Updated:ORLANDO, Fla. —
Synthetic drugs could be responsible for higher death counts in central Florida.
Five people died so far this year in Orange and Osceola counties, partly because of synthetic drugs, officials said.
"We are seeing a trend at the ME office," Dr. Jan Garavaglia, chief medical examiner for Orange and Osceola counties, said.
In 2012, there was only one such death documented by the chief medical examiner.
"Synthetic drugs is a new way to die here in central Florida," Garavaglia said.
Garavaglia said more and more people are taking potent hallucinogens that are proving deadly.
Garavaglia said it's inevitable some cases are being overlooked. She said her team of scientists is doing more investigative work to prove synthetic drugs are to blame.
"If we're seeing a death and we can't find a cause of death and we suspect they took something we keep going," Garavaglia said.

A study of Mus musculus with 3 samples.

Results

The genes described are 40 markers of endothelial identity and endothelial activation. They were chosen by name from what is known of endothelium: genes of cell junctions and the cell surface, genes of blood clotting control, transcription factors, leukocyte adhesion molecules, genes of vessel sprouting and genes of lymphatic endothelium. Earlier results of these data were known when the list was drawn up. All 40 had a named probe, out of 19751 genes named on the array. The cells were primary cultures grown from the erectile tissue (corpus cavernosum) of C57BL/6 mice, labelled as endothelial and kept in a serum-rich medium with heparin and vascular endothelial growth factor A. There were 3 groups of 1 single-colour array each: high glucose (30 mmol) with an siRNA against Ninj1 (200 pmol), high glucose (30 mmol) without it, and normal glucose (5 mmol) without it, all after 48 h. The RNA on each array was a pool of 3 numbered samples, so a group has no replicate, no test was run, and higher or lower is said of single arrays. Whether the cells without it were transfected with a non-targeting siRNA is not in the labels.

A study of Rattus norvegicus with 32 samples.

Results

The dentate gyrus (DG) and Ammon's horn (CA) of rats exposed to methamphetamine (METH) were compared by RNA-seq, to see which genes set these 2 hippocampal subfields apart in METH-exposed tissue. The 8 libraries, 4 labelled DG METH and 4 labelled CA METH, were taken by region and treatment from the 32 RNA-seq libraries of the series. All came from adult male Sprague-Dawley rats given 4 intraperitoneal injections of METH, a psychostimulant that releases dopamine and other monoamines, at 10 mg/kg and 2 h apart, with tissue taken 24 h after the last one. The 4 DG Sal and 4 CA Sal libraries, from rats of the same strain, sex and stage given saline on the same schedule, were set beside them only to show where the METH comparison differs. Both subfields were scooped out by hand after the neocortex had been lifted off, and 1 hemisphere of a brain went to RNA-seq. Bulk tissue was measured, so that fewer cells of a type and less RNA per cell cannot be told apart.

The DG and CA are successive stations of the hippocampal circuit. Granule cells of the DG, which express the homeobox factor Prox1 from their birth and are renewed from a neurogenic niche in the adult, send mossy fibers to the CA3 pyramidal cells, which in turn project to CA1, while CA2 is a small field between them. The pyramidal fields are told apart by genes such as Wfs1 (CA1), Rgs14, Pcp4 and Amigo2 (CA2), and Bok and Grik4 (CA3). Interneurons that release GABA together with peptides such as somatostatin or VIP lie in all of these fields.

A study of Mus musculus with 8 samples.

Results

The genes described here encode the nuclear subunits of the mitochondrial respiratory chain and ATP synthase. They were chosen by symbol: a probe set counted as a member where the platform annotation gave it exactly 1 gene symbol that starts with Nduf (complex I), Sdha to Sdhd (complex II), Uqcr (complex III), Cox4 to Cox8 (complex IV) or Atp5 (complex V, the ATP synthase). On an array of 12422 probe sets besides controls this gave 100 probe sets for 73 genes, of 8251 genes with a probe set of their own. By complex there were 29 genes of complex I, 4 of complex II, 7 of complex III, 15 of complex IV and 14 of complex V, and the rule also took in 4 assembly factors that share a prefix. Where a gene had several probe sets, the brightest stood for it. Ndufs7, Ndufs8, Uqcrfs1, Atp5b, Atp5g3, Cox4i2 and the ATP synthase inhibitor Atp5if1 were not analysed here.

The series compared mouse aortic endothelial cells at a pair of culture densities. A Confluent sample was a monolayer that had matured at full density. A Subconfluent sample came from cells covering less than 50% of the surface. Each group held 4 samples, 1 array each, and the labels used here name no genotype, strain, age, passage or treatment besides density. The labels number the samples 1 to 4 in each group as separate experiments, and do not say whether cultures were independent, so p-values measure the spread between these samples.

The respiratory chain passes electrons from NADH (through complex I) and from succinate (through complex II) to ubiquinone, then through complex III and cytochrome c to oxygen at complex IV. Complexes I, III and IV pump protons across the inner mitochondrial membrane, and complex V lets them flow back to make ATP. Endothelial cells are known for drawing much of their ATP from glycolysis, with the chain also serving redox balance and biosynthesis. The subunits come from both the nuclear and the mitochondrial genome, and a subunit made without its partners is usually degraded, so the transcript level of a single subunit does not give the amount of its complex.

She thinks that could also account for the higher number of reported deaths in 2013.
"It's going to continue to go up until kids get the word, adults, that they can be dangerous ," Garavaglia said.
A trace amount of a synthetic drug called "N-bomb" was enough to kill a 17-year-old.
The hallucinogen found in some "bath salts" killed Krystopher Sansone earlier this year.
"This is a drug that's killing out there its very real," the victim's mother, Lucy Sansone, said.
A second teen died this past summer after a "bad trip" led him to drown in a lake.
The two cases came through Garavaglia's morgue but the chemicals in their bodies didn't immediately show up.
"The substance was never seen as causing a death in Florida," Garavaglia said.
It took a lot of investigating by her toxicology team, including a look at crime scene evidence like a $10 bill.
"We got police to give us the $10 bill to see if we could find the chemical," Garavaglia said.
They did, tracking it to New Zealand.
"Immediately we tell law enforcement and the DEA picked up on that we had an N-bomb death," Garavaglia said.
That led to "N-bomb" being banned by the Drug Enforcement Agency this week.